As the name said Discovering New Species consist in discover New Species of Insects.
At Wired Amazon, in the Peruvian Amazon rainforest of Tambopata, Madre de Dios - Peru we’re working with 4 groups or Taxonomic Families; Arctiinae or Tiger Moths, Cicadellidae or Leaf Hoppers, Membracidae or Treehoppers and Ichneumonidae or Scorpion Wasps. The project is based on Citizen Science making all guests from Refugio Amazonas jungle lodge involved.
We use several different types of traps like yellow buckets traps, malaise and light traps to collect the insects inside the families we’re studying. The collected insects are analyzed, classified and processed in our Open Lab to send them with their specific specialist to finally know if we have or not a new species.
After the first process inside the lodge, we send the samples to the Natural History Museum in Lima. There, the tiger's moth specialist Juan Grados classified the specimen within physical feathers, genitalia analysis, and genetic tools. He sends the specimens, apart from Tiger Moths, to their specialists around America.
To get the Genetic support we’re using a technique known as Barcoding, for this we’re working with Guelph University located in Ontario Canada because they’re running a massive international project called Bold that means “Barcode of Life Database”.
To increase our collection we work hand in hand with guests that chose the “Discover New Species” activity at the lodge. Guests join the biologist team after dinner and walk to a light trap set up in the middle of the jungle. There, they learn about entomology, how to identify the groups that we’re studying and create awareness of the relationship between insects and the whole tropical ecosystem. If that night, a guest collect a New Species they have the great opportunity to name it!! Could you imagine visiting the Peruvian Amazon Jungle and returning to your home with a New Species named by yourself? You can make this happened with Wired Amazon.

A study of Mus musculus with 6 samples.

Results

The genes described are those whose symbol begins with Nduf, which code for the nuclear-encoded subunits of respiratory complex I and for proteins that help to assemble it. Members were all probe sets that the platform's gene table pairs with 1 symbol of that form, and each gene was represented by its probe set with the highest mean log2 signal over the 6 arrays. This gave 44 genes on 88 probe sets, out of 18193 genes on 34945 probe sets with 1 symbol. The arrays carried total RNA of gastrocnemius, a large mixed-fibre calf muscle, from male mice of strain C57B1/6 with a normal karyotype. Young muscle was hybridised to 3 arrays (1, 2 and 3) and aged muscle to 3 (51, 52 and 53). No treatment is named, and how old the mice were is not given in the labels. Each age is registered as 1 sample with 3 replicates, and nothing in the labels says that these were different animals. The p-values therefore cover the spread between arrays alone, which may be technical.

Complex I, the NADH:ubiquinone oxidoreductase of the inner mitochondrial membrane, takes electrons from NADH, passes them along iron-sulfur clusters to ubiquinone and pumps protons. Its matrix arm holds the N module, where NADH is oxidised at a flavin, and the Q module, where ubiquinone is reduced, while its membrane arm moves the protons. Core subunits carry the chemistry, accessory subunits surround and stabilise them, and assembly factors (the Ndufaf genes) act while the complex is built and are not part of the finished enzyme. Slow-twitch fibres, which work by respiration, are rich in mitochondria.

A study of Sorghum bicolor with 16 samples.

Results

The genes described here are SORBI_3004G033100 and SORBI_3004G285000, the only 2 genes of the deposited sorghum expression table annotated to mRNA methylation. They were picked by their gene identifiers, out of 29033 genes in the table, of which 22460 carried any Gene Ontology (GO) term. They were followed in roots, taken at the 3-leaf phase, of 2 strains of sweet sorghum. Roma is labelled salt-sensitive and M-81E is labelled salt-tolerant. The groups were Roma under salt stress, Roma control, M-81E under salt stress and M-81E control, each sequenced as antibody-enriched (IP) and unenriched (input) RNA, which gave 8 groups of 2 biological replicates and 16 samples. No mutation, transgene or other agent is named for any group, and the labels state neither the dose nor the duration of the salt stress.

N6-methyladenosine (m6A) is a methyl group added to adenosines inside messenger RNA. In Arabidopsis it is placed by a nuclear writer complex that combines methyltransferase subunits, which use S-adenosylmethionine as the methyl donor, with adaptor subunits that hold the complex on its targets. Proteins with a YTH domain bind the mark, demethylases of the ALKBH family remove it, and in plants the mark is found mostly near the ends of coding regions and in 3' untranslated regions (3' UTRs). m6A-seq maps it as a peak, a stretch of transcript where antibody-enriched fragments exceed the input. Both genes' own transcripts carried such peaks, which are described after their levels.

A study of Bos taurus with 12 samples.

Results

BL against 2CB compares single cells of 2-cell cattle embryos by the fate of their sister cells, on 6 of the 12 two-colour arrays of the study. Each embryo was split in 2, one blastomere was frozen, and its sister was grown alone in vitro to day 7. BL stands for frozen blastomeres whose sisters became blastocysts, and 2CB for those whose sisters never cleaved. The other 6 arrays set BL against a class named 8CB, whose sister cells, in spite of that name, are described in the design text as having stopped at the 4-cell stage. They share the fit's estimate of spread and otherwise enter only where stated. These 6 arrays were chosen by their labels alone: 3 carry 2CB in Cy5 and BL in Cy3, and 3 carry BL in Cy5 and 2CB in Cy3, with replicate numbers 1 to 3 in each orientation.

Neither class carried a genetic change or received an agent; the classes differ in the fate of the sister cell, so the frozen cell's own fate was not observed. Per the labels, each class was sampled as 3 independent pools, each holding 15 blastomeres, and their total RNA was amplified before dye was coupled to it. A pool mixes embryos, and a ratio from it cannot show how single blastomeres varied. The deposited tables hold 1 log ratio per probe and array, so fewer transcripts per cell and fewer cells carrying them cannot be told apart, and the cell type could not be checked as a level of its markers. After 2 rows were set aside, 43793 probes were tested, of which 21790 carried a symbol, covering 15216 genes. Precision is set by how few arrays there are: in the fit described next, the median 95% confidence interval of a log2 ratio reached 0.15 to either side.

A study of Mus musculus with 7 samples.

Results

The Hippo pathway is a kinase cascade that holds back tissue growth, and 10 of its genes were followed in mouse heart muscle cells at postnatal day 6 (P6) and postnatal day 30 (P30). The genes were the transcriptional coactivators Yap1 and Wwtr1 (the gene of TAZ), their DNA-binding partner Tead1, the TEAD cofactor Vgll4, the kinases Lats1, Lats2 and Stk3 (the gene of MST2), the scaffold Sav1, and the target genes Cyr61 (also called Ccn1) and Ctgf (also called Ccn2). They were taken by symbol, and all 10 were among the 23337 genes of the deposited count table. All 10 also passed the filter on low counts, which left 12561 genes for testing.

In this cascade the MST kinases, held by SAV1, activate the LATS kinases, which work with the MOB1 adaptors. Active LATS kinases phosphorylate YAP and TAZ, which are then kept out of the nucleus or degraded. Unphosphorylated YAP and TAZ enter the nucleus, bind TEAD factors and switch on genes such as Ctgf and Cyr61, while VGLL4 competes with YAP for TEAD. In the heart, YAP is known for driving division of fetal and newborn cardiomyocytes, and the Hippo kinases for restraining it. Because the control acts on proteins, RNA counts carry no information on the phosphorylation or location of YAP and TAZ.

Why is important to become a citizen scientist?
Insects are the base of all ecosystems considered as “all those small things that support the world” (E.O Wilson). They accomplish key roles as pollination, supporting up to 80% of the production of fruits and vegetables, nutrient recycling and decomposers of organic trash. Also, control pests of important human crops, are base of any known ecosystem within thousands of functions.
Only in United States insects generate 57 thousands millions of dollars without counting pollination. Around the world, there are more than 2 million people that feed directly on insects.
Since February 2016 more than 1,500 people had participated in the program discovering 9 new species of tiger moths and 2 Scorpion wasps helping us, at Wired Amazon, make science happen. Join Us.